Managing Challenges in an Aging Vestibular System – Study
Rehabilitation Strategies Normalize Balance Function in a Cohort of Patients Up to 99 Years!
Daniel A. Deems, MD, PhD, Rhonda O. Deems, PhD, Bert W. O’Malley, Jr, MD
Imbalance is a major health problem affecting 90 million Americans and is the primary risk factor in falls, which consume $50 billion annually in medical costs (US). A person is often unaware of their balance challenge and its potential impact on fall risk and subsequent injury. Even when balance deficits and fall risk are realized, older patients may not pursue intervention for their disorder due to a fatalistic view of their advanced age.
COMPUTERIZED DYNAMIC POSTUROGRAPHY (CDP)
In this retrospective study, a cohort of older patients who had completed a course of vestibular rehabilitation therapy was studied for extent of recovery using computerized dynamic posturography (CDP) as the outcomes measure. The study group was comprised of sequential outpatients from a community-based balance treatment facility for whom pre- and posttherapy CDPs were available for analyses.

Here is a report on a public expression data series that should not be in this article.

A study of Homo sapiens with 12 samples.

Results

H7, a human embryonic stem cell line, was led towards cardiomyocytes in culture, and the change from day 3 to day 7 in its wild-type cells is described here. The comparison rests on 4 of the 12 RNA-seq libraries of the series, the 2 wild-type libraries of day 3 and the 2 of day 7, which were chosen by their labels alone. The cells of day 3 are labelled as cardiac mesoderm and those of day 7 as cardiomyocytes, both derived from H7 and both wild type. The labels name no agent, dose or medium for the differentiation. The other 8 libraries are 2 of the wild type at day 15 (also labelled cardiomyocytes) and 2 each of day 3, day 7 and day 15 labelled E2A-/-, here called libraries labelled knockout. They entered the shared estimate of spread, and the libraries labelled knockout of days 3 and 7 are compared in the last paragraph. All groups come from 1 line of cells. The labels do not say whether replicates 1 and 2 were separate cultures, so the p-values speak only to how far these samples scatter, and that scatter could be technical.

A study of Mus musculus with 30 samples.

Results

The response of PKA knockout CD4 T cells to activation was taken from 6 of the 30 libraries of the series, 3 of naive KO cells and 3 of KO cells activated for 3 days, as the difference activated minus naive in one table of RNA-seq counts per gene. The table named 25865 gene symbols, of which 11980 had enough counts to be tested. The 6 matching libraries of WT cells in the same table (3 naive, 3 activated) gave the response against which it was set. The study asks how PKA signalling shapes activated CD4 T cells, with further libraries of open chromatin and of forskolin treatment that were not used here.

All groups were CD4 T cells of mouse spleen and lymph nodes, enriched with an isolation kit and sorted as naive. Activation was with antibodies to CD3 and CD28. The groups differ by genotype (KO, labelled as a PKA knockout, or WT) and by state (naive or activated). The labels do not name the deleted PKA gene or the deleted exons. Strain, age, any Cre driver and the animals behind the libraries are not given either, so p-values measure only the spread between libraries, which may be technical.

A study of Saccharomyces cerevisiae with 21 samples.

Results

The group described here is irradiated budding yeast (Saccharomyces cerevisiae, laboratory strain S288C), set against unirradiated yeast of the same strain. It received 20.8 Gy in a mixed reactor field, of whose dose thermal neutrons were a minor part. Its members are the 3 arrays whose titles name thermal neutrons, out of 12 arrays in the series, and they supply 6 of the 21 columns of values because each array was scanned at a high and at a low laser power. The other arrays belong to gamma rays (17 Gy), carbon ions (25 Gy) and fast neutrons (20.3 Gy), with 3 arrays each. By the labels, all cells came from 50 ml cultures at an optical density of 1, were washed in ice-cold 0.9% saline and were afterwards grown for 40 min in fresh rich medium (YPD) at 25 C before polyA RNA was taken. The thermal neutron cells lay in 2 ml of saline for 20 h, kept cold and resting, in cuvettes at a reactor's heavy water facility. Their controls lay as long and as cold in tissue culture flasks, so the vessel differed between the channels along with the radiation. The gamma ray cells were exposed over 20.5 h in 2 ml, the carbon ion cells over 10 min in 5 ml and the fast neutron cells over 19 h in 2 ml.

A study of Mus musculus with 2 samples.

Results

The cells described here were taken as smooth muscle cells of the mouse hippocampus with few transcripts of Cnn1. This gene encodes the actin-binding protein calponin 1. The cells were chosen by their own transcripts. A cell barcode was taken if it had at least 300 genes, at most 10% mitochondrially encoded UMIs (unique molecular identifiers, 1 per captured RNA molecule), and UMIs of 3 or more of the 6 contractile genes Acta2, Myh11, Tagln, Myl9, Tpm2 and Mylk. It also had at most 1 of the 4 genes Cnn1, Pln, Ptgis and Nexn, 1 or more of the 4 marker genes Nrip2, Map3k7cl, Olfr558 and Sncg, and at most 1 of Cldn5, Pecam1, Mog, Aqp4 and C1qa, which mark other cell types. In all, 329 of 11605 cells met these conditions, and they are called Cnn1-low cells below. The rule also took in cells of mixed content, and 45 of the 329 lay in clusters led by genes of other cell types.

Patients had been referred for imbalance, vertigo, unsteadiness, and falls—age range 66 to 99 years. Balance function, measured by composite sensory organization test (SOT) CDP scores, improved on average 35%.
A subset 10 years above this eldest norm,(range 85 to 99 years), was then analyzed. Results revealed an improvement in balance function of 42%, with average post therapy SOT score of 74.2.
Data confirms that vestibular therapy programs can significantly recover, if not normalize imbalance even to age 99.
The Benefits of Balance & Fall Prevention Programs
Given that the eldest participants were well above average life expectancy in the United States (78.9 years), this study could be used by allied health professionals to encourage older patients to engage in balance and falls prevention programs.